An AA battery may be all you need to trigger the delivery of a targeted drug. A weak charge generated by the battery, Stanford University researchers have found, releases medication combined with nanoparticles contained in an injectable gel.
Stanford chemistry professor Richard Zare developed the new approach. It's something so innovative, and also surprisingly straightforward, that even Robert Langer, the prolific Massachusetts Institute of Technology biomedical engineer and entrepreneur, offered favorable comments about the work in an interview with Chemical & Engineering News.
"This is a very simple system" for drug delivery, he told the publication.
Not surprisingly, an injectable gel and AA battery offer a pretty cheap alternative to the standard of care. Other targeted drug-delivery concepts rely on electricity to jolt the drugs into diffusing into the body, such as electronic chips that contain drugs. But doctors must rely on surgery or complex equipment such as ultrasound to launch the drug release, explains C&EN and in-pharmatechnologist.com in a story on the study.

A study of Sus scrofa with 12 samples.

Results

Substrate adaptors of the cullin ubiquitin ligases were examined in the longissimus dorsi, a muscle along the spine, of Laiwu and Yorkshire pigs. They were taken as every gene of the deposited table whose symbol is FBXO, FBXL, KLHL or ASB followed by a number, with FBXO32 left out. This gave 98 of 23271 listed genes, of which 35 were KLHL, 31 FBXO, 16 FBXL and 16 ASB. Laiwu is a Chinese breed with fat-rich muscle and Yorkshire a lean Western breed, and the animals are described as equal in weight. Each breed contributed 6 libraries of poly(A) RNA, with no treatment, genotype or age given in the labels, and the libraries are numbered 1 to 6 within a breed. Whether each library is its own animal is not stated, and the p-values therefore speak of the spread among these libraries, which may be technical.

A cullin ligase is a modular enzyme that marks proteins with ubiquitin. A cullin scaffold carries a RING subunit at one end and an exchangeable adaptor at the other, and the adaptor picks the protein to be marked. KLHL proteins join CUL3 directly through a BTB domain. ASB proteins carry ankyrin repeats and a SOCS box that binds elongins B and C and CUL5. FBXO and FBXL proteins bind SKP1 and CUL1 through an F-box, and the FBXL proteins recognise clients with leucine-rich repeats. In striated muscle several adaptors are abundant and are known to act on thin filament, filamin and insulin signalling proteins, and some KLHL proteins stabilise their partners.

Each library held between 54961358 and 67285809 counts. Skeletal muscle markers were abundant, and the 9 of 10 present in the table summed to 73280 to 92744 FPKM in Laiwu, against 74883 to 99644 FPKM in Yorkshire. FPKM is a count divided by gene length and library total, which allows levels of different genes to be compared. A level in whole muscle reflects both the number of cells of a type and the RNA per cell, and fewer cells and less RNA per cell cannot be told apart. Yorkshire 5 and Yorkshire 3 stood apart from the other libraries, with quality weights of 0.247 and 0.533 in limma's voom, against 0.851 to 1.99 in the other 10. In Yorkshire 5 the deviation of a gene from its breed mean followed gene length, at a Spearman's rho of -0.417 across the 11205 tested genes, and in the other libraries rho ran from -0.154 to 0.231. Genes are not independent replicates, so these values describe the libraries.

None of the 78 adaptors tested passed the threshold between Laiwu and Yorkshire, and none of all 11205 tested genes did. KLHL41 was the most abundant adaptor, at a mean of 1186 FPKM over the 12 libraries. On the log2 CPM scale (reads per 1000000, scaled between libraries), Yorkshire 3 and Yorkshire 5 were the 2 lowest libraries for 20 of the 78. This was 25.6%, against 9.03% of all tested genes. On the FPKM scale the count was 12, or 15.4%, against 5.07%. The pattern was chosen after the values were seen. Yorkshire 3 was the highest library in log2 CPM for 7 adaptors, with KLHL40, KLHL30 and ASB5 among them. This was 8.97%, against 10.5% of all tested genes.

Zare and his lab loaded a chemotherapy drug and fluorescent dye into conductive-polymer nanoparticles, and placed them into a temperature-sensitive solution that becomes a gel after it is injected into the body. In the lab, a light electrical jolt generated by an AA battery caused the nanoparticles to release the drugs, and different levels and durations of the electricity controlled dosage level and duration. AA battery energy also helped effectively release nanoparticles containing fluorescent dye into mice after researchers injected the substance under the rodents' skin, according to the C&EN article.
Details are published in the journal ACS Nano. And further animal research funded by Sanofi is continuing, C&EN notes.